Travelers urged to be 'vigilant'
November 2, 2011
FORT BENNING, Ga. -- With the holidays on the horizon, Fort Benning officials have a message for Soldiers and families making big vacation plans: Enjoy the trip, but don't forget about the terror threat.
Reports indicate terrorist organizations still want to carry out attacks against Americans on mass transportation lines, including airplanes, buses, trains and subway systems, said Al Harvey, chief of intelligence for the Maneuver Center of Excellence G-2. The intelligence division recently distributed a "Mass Transit Travel Awareness" memo across post as a reminder to units, directorates and agencies ahead of upcoming block leave.
"Terrorists have constantly expressed their desire to attack within the U.S., and most of all, attack U.S. citizens," he said. "People in uniform and affiliated clothing are easily identified as U.S. citizens, which points back to the Soldier. Take necessary precautions. It's also important to be able to respond and react in the event of a situation.
"Holiday season is a very symbolic time for us -- and possibly the terrorists. Be vigilant, and don't be a soft target."
The "dynamic threat environment" Americans have lived under since 9/11 demands vigilance and discipline from a personal security standpoint, Harvey said.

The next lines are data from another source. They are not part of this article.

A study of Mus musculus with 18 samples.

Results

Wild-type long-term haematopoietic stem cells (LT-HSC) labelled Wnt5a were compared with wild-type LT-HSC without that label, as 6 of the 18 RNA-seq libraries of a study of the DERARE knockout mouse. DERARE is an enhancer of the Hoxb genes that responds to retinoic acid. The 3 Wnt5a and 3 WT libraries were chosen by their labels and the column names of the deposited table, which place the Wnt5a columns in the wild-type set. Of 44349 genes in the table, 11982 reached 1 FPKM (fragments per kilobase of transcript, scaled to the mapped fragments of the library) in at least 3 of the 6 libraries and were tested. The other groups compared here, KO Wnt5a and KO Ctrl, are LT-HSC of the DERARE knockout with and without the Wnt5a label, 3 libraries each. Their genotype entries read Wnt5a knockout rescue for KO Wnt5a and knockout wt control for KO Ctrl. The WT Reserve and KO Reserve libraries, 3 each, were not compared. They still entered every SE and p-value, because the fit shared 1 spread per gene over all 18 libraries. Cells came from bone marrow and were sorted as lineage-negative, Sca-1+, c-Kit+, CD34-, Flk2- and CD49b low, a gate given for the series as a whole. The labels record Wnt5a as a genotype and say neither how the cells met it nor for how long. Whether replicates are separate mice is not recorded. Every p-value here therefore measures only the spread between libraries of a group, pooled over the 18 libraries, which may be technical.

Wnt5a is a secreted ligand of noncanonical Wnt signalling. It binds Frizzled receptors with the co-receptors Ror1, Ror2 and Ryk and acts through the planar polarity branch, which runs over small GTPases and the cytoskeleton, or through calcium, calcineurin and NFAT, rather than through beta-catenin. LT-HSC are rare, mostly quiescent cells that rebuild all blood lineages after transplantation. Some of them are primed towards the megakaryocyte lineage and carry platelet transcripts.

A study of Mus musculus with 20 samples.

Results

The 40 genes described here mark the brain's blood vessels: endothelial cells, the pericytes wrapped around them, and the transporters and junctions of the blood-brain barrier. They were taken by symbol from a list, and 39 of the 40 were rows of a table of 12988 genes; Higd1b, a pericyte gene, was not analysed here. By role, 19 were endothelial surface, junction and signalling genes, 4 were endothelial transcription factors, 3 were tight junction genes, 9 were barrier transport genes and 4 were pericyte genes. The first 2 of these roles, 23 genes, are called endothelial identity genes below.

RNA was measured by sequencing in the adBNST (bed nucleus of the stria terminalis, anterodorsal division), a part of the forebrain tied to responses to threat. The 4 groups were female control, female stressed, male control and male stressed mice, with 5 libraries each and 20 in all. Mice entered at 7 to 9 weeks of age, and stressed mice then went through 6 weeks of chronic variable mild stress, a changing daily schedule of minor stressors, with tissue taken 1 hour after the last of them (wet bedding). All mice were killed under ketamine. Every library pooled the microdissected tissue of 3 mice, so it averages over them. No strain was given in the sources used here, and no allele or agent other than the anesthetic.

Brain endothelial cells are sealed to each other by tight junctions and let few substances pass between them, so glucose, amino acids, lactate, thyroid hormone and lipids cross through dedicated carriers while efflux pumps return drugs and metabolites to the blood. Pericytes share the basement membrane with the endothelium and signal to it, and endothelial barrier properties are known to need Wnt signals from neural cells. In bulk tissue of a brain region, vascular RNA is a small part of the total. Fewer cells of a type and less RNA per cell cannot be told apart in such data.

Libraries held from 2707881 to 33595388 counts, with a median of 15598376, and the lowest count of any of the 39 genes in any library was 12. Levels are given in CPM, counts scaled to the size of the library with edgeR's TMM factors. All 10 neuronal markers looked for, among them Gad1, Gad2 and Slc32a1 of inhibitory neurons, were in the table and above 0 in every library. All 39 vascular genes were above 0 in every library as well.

"The most important thing is to be aware of your surroundings. Look for things that might be out of place," he said. "And if you see something, report it. Apathy is not an option. The old tried and true method of looking out for each other works. The (Department of Defense) always tells us, 'If you see something, say something.'"
Harvey said troops and families should think safety when planning trips for the holidays. But terrorists aren't the only potential danger to consider.
"The most likely threat may be criminal," he said. "Again, be aware of your surroundings. Avoid protest areas. Report suspicious activity or things that may look out of place. And above all, have a good time, but be aware and do it in a safe manner."